The Radical Politics of Mark Twain

Posted by Pete on Nov 30th 2020

There is more to Mark Twain than Huckleberry Finn…

"Who are the oppressors? The few. Who are the oppressed? The many."

Countless American writers have had a radical side in politics, from Harriet Beecher Stowe to John Steinbeck, but few more so than Mark Twain (1835-1910). 

Born 'Samuel Langhorne Clemens' in Missouri – 185 years ago today – Twain had one foot in radical politics from a young age.

Mark Twain was considered brave even among progressive radicals

Twain's Radical Roots 

When he found work as a printer in the 1850s, moving across the States from New York City out to St Louis, Twain joined the International Typographical Union.

He was a union man from then on to the end of his days, supporting the Knights of Labor and painting labor unionism in a wondrous light in Life on the Mississippi. 

Through his marriage to the liberal activist, Olivia Langdon, Twain came into close contact with a wider range of radical circles: "socialists, principled atheists and activists for women’s rights and social equality" is how he described them. 

Twain linked up with the abolitionist movement, coming to know characters like Frederick Douglass and Harriet Beecher Stowe.


Twain was Beecher Stowe’s neighbor in Connecticut for several years, where he wrote classics like The Adventures of Tom Sawyer, A Connecticut Yankee, and Huckleberry Finn. 

Twain’s activism for racial equality was sustained over the late-19th and early-20th century.

He once wrote, movingly, of the Emancipation Proclamation that, "Lincoln’s Proclamation not only set the black slaves free, but set the white man free also."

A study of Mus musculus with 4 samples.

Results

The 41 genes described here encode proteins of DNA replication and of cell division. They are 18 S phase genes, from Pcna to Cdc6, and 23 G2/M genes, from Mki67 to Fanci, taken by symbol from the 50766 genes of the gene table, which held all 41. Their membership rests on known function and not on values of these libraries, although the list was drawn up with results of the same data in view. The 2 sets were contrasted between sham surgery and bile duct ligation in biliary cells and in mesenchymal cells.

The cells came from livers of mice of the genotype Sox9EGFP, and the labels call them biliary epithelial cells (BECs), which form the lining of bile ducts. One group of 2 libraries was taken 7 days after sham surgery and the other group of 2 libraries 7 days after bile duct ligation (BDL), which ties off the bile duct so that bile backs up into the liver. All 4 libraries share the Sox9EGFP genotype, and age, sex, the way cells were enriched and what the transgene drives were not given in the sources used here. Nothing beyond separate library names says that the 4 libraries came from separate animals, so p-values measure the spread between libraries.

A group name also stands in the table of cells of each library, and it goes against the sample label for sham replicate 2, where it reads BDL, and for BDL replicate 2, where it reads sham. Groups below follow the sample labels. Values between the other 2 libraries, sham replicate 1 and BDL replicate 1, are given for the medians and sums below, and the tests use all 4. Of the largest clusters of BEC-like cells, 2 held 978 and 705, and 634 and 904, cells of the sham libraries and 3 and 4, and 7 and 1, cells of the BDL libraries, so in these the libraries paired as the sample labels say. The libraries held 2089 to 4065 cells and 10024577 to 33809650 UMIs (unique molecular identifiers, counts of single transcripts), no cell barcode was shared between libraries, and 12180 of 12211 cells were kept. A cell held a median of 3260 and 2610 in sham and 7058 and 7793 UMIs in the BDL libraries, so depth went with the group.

In his later years, Twain got the Connecticut state legislature to vote a pension to the radical, de-segregationist educator, Prudence Crandall.

He also condemned racism towards Chinese laborers in the US. 

Twain was a long-time advocate of votes for women in the US.

In a famous 1901 speech supporting the suffrage movement, he said: "for twenty-five years I’ve been a woman’s rights man… I should like to see the time come when women shall help to make the laws. I should like to see that whiplash, the ballot, in the hands of women.”

With a bravery rare even among progressive radicals in the US, Mark Twain also spoke out against aggressive US foreign policy in his later years. 

He became a passionate critic of US imperialism in the context of America’s brutal war of repression in the Philippines (1899-1902).

Confessing his earlier support of US expansion, Twain wrote in late-1900 that,  "I wanted the American eagle to go screaming into the Pacific. Why not spread its wings over the Philippines, I asked myself? But I have thought some more, since then, and I have seen that we do not intend to free, but to subjugate the people of the Philippines. We have gone there to conquer, not to redeem.” 

Rowing against the tide of war fever in the American press, Twain wrote a moving text, The War Prayer, in which he denounced war as contrary to the fundamental tenets of Christian morality – no one would publish it. 

Sixty years later, with the US government again on the march in Asia, the movement against the Vietnam War dug up Twain’s War Prayer and republished it.